East Lothian Farming and Wildlife: developing a sustainable future for both farming and wildlife

Mike Thornton, Operations Officer for the Forth Area reports on a workshop hosted by SNH, and Lochhouses Farm in East Lothian that considered the future of agri-environment work in the arable sector.

Traprain Law SSSI, East Lothian is an island of species rich grassland surrounded by intensive agriculture. (c) Lorne Gill/SNH

Traprain Law SSSI, East Lothian is an island of species rich grassland surrounded by intensive agriculture. (c) Lorne Gill/SNH

Although protected sites, such as Site of Special Scientific Interest (SSSIs) provide an important mechanism for protecting our natural heritage, they are insufficient on their own to deliver landscape scale conservation. These protected sites often occur as small, isolated islands, in highly managed agricultural landscapes.

This is very much the case in East Lothian, where intensive arable farming is the dominant land use and SSSIs make up only 7% of the land area. Therefore, effective nature conservation also requires wider countryside measures, such as agri-environment schemes These schemes promote land management practices which protect and enhance our natural heritage by protecting biodiversity, improving water quality, reducing flood risk, and mitigating the effects of climate change.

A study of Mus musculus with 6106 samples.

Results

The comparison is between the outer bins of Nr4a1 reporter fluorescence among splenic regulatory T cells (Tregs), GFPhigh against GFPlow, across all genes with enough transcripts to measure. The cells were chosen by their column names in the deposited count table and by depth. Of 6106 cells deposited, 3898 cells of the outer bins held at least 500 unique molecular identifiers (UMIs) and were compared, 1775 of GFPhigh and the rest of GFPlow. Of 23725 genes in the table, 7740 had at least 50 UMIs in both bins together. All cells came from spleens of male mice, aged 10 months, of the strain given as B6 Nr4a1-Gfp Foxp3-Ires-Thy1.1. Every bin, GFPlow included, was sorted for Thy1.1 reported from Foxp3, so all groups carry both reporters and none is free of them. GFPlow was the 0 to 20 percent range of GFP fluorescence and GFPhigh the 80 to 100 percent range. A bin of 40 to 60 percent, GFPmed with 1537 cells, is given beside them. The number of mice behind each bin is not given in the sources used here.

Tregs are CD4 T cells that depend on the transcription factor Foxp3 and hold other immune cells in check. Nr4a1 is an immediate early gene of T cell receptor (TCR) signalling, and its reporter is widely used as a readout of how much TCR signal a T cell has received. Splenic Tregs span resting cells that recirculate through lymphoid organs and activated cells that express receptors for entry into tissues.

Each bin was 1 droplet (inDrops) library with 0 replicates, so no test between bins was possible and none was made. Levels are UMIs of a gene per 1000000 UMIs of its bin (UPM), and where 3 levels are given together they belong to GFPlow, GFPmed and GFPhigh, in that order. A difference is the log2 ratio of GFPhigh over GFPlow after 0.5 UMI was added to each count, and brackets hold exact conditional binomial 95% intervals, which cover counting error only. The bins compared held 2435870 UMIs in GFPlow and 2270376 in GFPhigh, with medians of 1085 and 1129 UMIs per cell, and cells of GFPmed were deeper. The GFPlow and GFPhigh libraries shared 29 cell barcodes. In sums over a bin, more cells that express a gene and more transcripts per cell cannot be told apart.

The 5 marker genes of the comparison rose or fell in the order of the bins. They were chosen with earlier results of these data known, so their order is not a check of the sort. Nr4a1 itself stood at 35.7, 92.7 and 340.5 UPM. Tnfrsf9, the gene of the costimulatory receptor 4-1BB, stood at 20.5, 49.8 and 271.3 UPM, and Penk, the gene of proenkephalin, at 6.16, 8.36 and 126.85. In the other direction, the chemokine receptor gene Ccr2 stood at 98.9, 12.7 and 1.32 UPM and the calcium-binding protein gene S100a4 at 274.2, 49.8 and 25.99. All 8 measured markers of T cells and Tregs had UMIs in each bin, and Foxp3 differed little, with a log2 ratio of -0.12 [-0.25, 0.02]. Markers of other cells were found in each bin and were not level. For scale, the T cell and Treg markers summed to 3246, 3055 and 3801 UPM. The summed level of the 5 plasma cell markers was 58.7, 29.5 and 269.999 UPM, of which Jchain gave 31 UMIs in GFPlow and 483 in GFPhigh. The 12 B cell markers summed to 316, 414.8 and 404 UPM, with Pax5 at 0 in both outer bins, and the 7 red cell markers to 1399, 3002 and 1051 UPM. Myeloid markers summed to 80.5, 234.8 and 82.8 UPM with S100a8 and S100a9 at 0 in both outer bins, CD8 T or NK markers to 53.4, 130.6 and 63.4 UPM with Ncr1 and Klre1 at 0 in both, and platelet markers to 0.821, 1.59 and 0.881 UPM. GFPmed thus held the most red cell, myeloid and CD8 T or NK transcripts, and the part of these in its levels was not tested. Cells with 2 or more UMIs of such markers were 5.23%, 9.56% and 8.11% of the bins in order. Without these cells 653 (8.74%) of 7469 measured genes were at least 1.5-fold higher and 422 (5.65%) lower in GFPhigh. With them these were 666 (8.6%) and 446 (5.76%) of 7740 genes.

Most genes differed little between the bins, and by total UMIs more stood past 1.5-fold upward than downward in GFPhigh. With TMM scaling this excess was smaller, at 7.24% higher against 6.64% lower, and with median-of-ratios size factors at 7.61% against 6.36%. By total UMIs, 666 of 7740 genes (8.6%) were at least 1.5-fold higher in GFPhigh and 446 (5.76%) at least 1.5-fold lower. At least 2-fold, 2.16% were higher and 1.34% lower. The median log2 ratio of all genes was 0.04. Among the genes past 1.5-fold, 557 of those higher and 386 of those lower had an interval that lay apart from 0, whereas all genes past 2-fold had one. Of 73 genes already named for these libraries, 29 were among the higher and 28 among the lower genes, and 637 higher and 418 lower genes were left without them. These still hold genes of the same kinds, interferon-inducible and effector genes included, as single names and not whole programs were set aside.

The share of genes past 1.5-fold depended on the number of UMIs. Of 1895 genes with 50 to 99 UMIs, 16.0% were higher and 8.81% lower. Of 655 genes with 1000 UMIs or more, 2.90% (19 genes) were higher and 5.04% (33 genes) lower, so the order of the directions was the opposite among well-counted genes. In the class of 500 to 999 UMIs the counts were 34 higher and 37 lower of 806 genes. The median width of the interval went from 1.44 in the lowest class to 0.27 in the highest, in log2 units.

However, the uptake of these schemes in East Lothian has been relatively low; the general feeling is that they have been overly complicated and prescriptive, taking little account of environmental variability. We wanted to hear directly from East Lothian farmers about how we might improve uptake of these schemes to deliver more for our natural heritage. That’s why SNH Forth Area, in partnership with Lochhouses farm, recently hosted a workshop for arable farmers.


Many farmers expressed the need for regional, more flexible agri-environment schemes with less complex rules and regulations. They recommended that future schemes should account for the unique circumstances of individual farms, perhaps by giving farmers flexibility over how to achieve defined environmental outcomes, such as the number of breeding birds or wildflower species in grassland.

Farm conservation training would also help farmers gain a better understanding of their farm’s environmental assets, and identify how to maintain and enhance those assets.

We also discussed the importance of collaboration amongst farmers. One example of this is cluster farming, a farmer-led approach to conservation in which a group of farmers devise their own conservation plans supported by an advisor. It was originally developed by the Game and Wildlife Conservation Trust (GWCT) in partnership with Natural England.


Although cluster farming has been popular in England, it has yet to take off in Scotland. However, farmers at the workshop did express interest in getting the right support to develop cluster farming initiatives.

Farmers are increasingly expected to deliver a range of public benefits, such as sustainable food production, environmental protection and recreation. However, this will depend on the right balance of public funding, regulation and advice to deliver this. This workshop clearly demonstrated that farmers want to engage in the debate to help achieve a sustainable future for both farming and wildlife.

A future workshop is currently being planned by GWCT, in partnership with SNH, for later this month.


Further info on cluster farming available here.